The University of Wisconsin-Platteville received state approval Thursday to construct a 2.4 megawatt solar array in Memorial Park. This will be the largest solar array owned by a Wisconsin state agency and will make the university the sixth-highest on-site producer of renewable energy among higher education institutions in the nation, setting UW-Platteville apart as a leader in its commitment to renewable energy.
“We are excited to take this momentous step in our commitment to sustainability,” said Chancellor Dennis J. Shields. “These efforts will save taxpayer money and have a lasting impact on future generations of Pioneers. I am proud that UW-Platteville can serve as a model of innovation and pave the way for other state agencies to follow suit.”
I am proud that UW-Platteville can serve as a model of innovation and pave the way for other state agencies to follow suit.” –Chancellor Dennis J. Shields
Scheduled to be operational by fall 2021, the array will feed directly into the main electricity meter connected to the 32 campus buildings, generating all electricity in real-time, rather than sending back to the grid. It is anticipated to offset electricity by 17%, saving an annual $217,000 and reducing carbon emissions by 2,300 tons per year.
Plans for the solar array stemmed from a 2018 petition, signed by more than 300 UW-Platteville students, asking the university to achieve 100% renewable energy by 2030. In a May 2019 student referendum, more than 82% of UW-Platteville students agreed with moving toward this goal. This array is one of several projects the university is advancing in response to this student demand.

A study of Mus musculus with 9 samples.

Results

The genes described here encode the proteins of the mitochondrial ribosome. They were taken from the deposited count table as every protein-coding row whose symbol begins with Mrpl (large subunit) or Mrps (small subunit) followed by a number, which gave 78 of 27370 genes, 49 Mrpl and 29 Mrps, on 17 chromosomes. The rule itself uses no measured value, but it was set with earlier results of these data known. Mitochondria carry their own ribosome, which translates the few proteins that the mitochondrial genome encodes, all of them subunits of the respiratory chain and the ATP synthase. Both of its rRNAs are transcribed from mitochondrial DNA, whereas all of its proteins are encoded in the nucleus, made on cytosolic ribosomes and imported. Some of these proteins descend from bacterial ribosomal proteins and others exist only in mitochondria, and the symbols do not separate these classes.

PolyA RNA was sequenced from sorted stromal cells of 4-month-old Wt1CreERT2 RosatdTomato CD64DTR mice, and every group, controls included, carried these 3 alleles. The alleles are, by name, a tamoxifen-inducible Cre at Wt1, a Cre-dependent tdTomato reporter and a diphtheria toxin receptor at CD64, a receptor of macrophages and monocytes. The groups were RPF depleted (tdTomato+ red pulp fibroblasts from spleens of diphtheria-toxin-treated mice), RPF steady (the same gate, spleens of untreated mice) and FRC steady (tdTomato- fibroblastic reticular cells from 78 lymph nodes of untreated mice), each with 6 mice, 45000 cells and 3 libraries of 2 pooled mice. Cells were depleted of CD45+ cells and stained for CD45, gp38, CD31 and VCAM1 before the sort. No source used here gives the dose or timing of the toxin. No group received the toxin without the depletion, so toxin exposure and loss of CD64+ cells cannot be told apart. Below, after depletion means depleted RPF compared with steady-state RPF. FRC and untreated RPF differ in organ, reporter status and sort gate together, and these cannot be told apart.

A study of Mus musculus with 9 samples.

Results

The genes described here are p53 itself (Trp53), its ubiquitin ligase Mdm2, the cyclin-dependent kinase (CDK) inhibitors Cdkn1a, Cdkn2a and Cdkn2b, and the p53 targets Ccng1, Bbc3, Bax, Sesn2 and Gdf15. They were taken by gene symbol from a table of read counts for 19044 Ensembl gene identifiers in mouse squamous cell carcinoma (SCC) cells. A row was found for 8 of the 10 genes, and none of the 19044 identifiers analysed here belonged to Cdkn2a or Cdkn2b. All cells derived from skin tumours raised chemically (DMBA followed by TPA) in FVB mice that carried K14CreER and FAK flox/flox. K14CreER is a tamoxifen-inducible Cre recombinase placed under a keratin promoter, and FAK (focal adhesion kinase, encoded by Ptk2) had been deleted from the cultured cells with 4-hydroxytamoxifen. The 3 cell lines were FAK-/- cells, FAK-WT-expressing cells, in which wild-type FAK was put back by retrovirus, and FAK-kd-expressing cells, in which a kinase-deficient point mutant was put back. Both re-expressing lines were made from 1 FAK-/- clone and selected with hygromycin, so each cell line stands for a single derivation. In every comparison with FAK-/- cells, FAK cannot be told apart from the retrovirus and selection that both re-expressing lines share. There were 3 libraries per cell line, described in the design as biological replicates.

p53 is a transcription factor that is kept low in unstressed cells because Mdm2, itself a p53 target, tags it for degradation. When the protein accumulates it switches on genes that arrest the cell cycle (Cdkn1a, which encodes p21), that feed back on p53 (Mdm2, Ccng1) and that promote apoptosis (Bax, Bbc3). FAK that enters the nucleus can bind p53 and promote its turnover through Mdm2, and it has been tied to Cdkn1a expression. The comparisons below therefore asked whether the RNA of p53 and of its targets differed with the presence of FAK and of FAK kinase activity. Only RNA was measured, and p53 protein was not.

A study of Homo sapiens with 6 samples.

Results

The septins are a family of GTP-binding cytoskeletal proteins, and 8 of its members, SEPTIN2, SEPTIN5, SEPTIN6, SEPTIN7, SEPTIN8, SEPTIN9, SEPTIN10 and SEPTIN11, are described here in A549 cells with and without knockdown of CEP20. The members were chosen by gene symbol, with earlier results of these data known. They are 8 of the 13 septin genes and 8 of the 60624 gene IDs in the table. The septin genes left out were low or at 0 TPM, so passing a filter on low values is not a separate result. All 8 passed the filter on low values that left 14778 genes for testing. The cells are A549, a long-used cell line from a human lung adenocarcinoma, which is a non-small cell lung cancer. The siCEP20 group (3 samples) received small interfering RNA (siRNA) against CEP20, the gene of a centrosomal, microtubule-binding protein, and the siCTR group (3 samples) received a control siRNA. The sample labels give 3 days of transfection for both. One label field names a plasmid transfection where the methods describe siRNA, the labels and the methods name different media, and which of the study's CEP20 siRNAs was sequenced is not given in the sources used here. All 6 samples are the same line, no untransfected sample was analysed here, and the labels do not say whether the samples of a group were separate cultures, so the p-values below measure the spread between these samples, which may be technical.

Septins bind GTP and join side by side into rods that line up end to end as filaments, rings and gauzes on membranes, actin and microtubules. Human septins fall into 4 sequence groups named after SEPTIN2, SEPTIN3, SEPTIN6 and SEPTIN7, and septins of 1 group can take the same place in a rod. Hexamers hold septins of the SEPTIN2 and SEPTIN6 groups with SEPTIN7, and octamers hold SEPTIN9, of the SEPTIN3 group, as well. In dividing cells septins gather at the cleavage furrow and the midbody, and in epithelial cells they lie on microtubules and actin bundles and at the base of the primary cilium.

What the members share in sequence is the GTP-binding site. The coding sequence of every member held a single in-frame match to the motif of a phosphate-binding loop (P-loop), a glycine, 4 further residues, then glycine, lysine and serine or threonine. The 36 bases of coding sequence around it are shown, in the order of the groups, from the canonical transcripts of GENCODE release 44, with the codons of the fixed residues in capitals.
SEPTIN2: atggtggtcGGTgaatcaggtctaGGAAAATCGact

A project team explored several locations for the array, before deciding on five acres of south-facing hill just west of Pickard Hall. Rooftops and parking-lot awnings were ruled out due to cost and other ground mount locations required significant tree removal. A chain-link fence will surround the array, which will be installed with pilings. The array is expected to have a 30-year life, and is designed to accommodate future battery storage.
In addition to energy savings, the solar array is poised to bring additional hands-on learning opportunities across the university. Faculty have already incorporated projects into their coursework. Students in a sustainable and renewable energy systems course helped design the initial project; dairy science students formed a plan for sheep grazing under the array; and reclamation, environment and conservation students developed a native pollinator seeding plan for the space.
UW-Platteville offers a four-year renewable energy degree that is one of only a handful of its type in the nation and recently launched a new environmental science and conservation degree. For more information about UW-Platteville’s sustainability planning, including the solar array, visit www.uwplatt.edu/department/sustainability.